July 12, 2012

MOVIES: Take This Waltz (Sarah Polley, 2012)

Sarah Polley's Take This Waltz isn't quite at the level of her directing debut, Away From Her, but it's a very good movie with three terrific central performances.

Michelle Williams and Seth Rogen are Margot and Lou, a couple nearing their fifth anniversary; they're struggling a bit with the transition from the passion of the early years to the cozy domesticity of the middle years. Neither one is willing to admit that there's a problem, and they're trying frantically to pretend that they still have the romantic fire they had as newlyweds, but we can see how hard they're working to make that fire happen.

So when Margot meets the charming Daniel (Luke Kirby) on a business trip, and he turns out to have just moved into the house across the street, she finds herself torn between loyalty to Lou and the temptation of something new and exciting. It's not a comfortable place for her to be; "I don't like being in between things," she tells Daniel (the dialogue is occasionally a bit clunkingly obvious, especially in the early going). Throw in Margot's apparent inability to ever be genuinely happy, and it's clear that this mess isn't going to end well for anyone.

There are a few problems with the movie. Margot and Lou seem to have an awfully nice home, given that she's a struggling writer and he's a cookbook author. Daniel's quirky charm is painted on rather too thick (not only is he an artist, but he supports himself by pulling tourists around the city in a rickshaw). And Sarah Silverman is (as always) a waste of time in her small role as Daniel's troubled sister.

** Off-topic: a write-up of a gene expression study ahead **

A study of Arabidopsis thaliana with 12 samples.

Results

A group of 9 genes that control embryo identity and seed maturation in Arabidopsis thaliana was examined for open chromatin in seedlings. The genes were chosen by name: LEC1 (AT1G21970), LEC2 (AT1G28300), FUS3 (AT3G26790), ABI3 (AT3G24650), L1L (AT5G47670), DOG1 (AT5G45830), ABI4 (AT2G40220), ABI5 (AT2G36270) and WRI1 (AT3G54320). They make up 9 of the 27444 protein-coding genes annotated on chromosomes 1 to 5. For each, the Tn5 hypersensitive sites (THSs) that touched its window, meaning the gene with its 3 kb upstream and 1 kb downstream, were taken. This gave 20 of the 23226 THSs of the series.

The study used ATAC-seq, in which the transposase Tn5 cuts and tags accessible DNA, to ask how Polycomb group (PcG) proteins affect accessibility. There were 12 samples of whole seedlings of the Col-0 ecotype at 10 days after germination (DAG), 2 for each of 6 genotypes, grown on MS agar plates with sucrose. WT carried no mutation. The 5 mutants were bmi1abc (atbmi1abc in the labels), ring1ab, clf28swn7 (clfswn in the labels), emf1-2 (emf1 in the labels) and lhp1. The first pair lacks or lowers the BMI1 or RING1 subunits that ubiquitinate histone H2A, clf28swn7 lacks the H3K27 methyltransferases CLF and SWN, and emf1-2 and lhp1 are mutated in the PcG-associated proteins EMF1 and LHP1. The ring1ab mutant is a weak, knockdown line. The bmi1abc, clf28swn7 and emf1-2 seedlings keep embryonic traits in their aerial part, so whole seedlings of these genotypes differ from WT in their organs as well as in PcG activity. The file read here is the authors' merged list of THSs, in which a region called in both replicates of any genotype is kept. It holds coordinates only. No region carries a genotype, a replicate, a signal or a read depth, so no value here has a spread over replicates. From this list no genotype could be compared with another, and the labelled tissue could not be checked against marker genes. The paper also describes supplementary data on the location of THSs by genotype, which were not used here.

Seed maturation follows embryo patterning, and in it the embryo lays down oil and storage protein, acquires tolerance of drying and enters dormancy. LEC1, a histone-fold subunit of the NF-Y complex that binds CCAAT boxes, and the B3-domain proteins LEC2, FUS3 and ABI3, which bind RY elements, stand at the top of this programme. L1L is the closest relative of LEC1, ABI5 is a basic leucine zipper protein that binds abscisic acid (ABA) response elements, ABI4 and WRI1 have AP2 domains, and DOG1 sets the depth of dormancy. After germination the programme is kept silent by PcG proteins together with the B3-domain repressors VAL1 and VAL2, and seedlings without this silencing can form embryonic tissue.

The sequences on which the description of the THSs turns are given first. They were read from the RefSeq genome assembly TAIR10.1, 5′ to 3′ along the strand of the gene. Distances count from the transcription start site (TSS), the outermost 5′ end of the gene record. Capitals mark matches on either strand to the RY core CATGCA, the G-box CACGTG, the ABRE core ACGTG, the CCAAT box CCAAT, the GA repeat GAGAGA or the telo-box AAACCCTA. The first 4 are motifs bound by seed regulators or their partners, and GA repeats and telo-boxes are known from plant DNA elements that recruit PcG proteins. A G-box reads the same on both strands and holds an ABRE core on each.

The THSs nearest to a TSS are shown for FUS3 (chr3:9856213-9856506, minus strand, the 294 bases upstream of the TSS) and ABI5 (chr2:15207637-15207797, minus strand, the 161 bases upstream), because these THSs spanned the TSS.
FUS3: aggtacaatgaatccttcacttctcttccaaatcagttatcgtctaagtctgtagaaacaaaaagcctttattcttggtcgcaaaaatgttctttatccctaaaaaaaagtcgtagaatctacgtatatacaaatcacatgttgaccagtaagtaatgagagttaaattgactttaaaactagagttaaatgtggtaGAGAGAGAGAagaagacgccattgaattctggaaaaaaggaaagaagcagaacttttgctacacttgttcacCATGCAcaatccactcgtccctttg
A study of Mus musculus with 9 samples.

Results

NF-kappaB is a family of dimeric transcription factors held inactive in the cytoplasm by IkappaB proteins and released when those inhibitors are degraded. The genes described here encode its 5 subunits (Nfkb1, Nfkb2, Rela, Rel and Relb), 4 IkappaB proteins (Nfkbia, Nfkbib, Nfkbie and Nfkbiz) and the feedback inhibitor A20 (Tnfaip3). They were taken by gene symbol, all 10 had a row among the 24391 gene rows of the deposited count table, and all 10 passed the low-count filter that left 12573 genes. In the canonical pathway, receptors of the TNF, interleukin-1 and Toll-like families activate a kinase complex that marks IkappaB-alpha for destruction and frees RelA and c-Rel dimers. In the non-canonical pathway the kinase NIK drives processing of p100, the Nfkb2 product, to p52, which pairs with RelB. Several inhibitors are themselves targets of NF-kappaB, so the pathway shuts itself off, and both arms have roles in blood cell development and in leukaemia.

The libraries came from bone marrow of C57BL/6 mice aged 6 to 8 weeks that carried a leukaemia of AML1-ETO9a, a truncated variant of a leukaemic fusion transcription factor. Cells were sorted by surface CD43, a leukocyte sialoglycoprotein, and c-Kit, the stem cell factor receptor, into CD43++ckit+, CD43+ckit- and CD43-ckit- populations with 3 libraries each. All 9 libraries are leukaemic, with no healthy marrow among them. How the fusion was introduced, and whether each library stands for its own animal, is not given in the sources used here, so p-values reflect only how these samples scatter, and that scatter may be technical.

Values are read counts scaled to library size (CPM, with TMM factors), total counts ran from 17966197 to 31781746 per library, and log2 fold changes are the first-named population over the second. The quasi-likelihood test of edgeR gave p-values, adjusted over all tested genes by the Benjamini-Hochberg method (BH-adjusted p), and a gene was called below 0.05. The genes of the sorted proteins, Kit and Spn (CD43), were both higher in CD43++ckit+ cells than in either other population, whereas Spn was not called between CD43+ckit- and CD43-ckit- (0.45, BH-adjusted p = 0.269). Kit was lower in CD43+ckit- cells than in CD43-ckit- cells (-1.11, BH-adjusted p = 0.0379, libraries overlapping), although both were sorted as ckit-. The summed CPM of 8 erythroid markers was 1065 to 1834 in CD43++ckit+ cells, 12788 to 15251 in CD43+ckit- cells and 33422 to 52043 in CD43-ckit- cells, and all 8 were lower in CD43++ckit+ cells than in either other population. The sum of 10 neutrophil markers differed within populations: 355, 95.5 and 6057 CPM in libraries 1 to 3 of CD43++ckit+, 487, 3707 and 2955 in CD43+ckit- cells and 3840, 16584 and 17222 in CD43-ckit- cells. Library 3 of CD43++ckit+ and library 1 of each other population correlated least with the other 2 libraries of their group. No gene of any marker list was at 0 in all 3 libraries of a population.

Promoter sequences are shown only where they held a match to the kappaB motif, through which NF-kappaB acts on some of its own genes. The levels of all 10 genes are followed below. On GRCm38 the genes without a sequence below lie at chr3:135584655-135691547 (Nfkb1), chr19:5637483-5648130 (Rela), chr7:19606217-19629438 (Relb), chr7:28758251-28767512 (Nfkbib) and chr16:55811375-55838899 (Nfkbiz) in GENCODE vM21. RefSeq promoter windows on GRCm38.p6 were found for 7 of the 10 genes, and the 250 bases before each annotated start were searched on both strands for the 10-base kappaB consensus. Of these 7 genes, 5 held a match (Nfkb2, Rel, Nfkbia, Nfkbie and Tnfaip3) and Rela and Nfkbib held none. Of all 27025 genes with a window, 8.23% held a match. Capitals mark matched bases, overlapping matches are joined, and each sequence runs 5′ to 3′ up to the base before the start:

But there are some spectacular moments to be found -- a verbal seduction scene in which Daniel has Margot melting in her seat without a single touch (and to be honest, I was wiping my own brow a bit), a falling-in-love scene set to "Video Killed the Radio Star." And the actors are marvelous. Rogen doesn't get a role this serious very often, and he rises to the challenge; Kirby is more than just a pretty face (though he certainly is that); and both men are entirely compelling as they struggle to please a woman who's too indecisive to know what she wants.

And Williams adds to her quickly growing list of remarkable performances. Passive is a hard thing for most actors to play, because it's not a very likable quality, but Williams is entirely willing not to be liked. Margot is not someone who takes charge of her life; she is someone to whom life happens. Williams brings her so vividly to life that by the end of the movie, it doesn't really matter whether the plot leaves her with Lou or Daniel; the tragedy of her life is that she's never going to be happy, no matter who she's with.